Discussion in 'Personal' started by lunarita, Sep 24, 2020.

  1. lunarita

    lunarita Lead commenter

    This is probably not the right forum but it gets most traffic.

    Has anyone found a way to use the Gsuite to set tasks which students need to annotate or draw on? I'm thinking of the typical science exam style question. There are various articles explaining how to edit pdf files in google docs, but this seems to assume text only and loses the images. It appears the only way to do it is to send it as a pdf, have them print it, complete it on paper and then scan and upload it.

    It seems a fairly big hole in google's educational provision. Browsing for help it seems the question has been asked many times, over several years, yet seems to be something google hasn't wanted to tackle yet - given importance of remote learning or the past 6 months it seems surprising that they still haven't added this.

    I'd be very interested to hear about any ideas / workarounds anyone has found.

    Thanks in advance
     
  2. racroesus

    racroesus Star commenter

    Quantity and quality are not the same thing.
     
    ajrowing likes this.
  3. sbkrobson

    sbkrobson Star commenter

    You can in fact do it, but only on mobile devices, which display a range of draw tools at the bottom of the screen after you tap on Edit.
    You are right, it is completely absurd that this feature is not available for, say, PC use.
    The mobile edit/draw function can also confuse students when they go to retrieve their amendments-a few of them seem to end up with multiple versions in different locations, not sure why. You'll need to play with it to see.
    I'm not the biggest fan of using G class-so much of it is clunky rather than intuitive, three steps where two would do, but hey ho, I guess habit is always a good workaround to that.
     
    Last edited: Sep 24, 2020
    lunarita likes this.
  4. ajrowing

    ajrowing Star commenter

    Thank you most helpful.
     
  5. NCSexton

    NCSexton New commenter

    I tended to put the diagram on as a pic in the document with Label A, Label B etc and then had a table below with A B C D E etc and the pupils could type the word into the table by the matching letter. It seemed the most simple and easy to mark too.
     
  6. lunarita

    lunarita Lead commenter

    Thank you, that's very helpful to know
    yes, I have thought about this, but the volume of extra work it generates could be huge - thinking of converting past papers for KS4 and 5 to this format is unbearable. At the moment it's just for homeworks, but if/when we end up back in lockdown or with year groups quarantined, it will be every class and i just couldn't keep up with it.

    I am experimenting with using the pdf (converted to an image) on a google Slides to allow them to edit it on there - I think they should be able to place text boxes over it? We will see and I'll let you know how they get on.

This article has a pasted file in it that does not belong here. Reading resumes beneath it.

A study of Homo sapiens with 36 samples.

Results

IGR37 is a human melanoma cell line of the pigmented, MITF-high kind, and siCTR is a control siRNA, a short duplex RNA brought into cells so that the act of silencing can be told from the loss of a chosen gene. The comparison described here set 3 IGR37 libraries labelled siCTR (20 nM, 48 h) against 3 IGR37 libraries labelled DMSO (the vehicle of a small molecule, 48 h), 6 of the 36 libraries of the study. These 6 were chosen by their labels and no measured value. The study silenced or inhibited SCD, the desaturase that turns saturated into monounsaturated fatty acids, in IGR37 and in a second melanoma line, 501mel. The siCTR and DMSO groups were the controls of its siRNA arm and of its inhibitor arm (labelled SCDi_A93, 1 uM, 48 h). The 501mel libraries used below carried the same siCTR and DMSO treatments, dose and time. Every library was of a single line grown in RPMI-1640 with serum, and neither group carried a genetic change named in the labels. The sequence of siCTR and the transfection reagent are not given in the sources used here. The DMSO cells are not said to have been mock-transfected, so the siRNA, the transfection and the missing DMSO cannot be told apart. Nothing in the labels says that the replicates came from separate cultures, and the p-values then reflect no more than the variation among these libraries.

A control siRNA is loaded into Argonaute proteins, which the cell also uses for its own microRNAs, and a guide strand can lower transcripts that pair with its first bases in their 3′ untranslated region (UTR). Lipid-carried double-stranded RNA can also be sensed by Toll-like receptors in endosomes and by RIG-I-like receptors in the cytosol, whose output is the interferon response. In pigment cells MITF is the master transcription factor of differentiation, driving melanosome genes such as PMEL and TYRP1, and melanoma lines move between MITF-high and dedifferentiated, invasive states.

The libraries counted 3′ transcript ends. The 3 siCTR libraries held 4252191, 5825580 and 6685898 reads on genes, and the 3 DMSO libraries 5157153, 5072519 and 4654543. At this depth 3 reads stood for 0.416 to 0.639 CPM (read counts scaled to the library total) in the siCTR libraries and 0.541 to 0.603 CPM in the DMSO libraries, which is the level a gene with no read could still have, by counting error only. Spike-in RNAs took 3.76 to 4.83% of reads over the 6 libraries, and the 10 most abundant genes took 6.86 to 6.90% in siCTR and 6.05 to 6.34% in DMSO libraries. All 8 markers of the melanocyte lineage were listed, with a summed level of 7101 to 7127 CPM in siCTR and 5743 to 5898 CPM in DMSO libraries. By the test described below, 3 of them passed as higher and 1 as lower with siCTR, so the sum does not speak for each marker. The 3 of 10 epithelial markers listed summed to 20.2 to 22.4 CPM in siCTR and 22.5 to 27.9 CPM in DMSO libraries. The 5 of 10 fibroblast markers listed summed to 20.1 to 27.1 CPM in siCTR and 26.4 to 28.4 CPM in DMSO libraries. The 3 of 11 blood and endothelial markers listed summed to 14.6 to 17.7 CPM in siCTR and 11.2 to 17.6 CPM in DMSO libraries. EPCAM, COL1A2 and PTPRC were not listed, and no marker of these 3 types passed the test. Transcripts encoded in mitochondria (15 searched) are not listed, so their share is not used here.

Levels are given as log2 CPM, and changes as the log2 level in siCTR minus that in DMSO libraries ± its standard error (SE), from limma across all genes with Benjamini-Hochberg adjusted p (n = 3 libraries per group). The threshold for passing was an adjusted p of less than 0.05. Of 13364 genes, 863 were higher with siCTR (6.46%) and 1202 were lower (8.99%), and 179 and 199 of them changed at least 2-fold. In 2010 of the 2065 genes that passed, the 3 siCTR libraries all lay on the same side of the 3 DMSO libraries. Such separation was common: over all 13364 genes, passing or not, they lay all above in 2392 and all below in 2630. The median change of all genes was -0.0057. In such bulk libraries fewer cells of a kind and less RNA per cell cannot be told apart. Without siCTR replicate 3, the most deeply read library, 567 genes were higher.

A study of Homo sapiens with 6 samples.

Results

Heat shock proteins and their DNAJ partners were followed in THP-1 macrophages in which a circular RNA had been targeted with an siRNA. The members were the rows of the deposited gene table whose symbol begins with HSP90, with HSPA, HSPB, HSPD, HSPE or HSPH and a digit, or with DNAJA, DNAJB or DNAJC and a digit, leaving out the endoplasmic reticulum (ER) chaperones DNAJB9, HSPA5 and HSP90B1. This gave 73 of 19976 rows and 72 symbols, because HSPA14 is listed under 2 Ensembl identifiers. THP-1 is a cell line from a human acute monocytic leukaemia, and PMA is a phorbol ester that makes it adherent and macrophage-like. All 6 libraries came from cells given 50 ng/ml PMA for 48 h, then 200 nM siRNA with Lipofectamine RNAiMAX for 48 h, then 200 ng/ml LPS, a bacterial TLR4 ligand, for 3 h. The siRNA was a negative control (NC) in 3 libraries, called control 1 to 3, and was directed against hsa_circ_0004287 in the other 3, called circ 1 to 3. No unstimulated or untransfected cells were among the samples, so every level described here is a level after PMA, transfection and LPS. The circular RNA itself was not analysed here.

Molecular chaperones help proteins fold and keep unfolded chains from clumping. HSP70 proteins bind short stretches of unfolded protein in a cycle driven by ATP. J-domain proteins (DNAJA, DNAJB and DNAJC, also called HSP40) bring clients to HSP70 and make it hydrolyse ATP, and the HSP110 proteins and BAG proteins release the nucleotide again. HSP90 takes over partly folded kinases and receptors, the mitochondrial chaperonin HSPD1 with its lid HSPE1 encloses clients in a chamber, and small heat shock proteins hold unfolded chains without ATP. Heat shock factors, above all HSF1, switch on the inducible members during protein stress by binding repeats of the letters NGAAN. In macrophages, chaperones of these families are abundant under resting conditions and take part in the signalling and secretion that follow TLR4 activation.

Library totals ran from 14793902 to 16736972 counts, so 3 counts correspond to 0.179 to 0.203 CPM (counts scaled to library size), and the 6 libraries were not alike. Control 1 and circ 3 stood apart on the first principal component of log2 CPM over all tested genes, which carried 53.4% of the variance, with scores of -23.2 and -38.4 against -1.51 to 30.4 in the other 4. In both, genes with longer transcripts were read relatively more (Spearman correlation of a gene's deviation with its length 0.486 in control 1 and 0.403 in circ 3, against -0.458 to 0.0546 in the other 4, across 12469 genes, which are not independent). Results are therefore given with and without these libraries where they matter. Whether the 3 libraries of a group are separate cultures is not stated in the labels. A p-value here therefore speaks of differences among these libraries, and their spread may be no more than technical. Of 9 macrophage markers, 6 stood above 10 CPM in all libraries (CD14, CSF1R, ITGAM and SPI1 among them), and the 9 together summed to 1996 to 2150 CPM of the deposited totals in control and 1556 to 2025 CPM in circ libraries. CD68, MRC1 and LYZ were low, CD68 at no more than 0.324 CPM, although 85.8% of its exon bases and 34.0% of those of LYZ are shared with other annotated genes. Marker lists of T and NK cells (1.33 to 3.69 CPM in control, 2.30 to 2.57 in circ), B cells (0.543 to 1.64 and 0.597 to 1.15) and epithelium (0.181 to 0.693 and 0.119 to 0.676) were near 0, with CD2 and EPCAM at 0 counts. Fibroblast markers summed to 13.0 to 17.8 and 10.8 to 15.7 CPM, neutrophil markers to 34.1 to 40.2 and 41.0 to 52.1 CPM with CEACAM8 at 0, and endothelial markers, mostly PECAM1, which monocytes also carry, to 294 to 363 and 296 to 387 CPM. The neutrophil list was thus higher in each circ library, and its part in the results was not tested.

7. sbkrobson

    sbkrobson Star commenter

    Slides works that way too. In fact is better because some kids will like to keep the original slide and then add in another one, a copy which they have annotated.

    One thing you can try is to send out a piece of work which is designed to train you. Tell them it is not a set piece, but one where you want them to come back with suggestions of the tech you can use to manipulate and edit the file content. Ask themalso if there is a better way they would like to receive it from you.
    Many kids are one step ahead of us, and some of them amaze me with the swanky seemless stuff they produce, not content wise, but in multi media presentation . I think also some of the more teccy parents got in on the act when they were tiny and helped them there, and it's all training for us too if we ask about it.
    Most of what I know about remote learning comes from the kids' responses and a couple of good posters on here-we sure as heck weren 't given any training at school.
     
    lunarita likes this.
  8. lunarita

    lunarita Lead commenter

    Yes, I have given them a couple of options and asked them to tell me what's easiest for them.

    We will see......
     
  9. elder_cat

    elder_cat Lead commenter

    Hi @lunarita

    Haven't had occasion to try this yet myself, but maybe consider using the Snip and Sketch app in Windows 10? You give an image file to students, and they then annotate/draw on the image using Snip and Sketch, then return their version to you? The article referred to below says they would also be able to use the keyboard for text annotation, rather than having to try and write with the mouse.

    https://support.microsoft.com/en-us...ndows-10-ca08e124-cc30-2579-3e55-6db63e36fbb9
     
  10. elder_cat

    elder_cat Lead commenter

    Hi @lunarita

    Apologies, but it seems I was mistaken about being able to enter text directly in the Snip and Sketch app using the keyboard. The students just need to select the '...' option from the main menu bar in Snip and Sketch, then choose 'Open With' and open the image in Paint. They can then add a standard text box, type their annotation and do a standard 'Save As'.
     
  11. lunarita

    lunarita Lead commenter

    Many thanks @elder_cat and @sbkrobson - I think maybe I'm overthinking and should just trust that students will find a way to do this.
    There seems to be a culture of accepting their pathetic excuses and putting everything on a plate for them at this school, so I want to be absolutely certain that I'm not giving the lazy ones any excuse.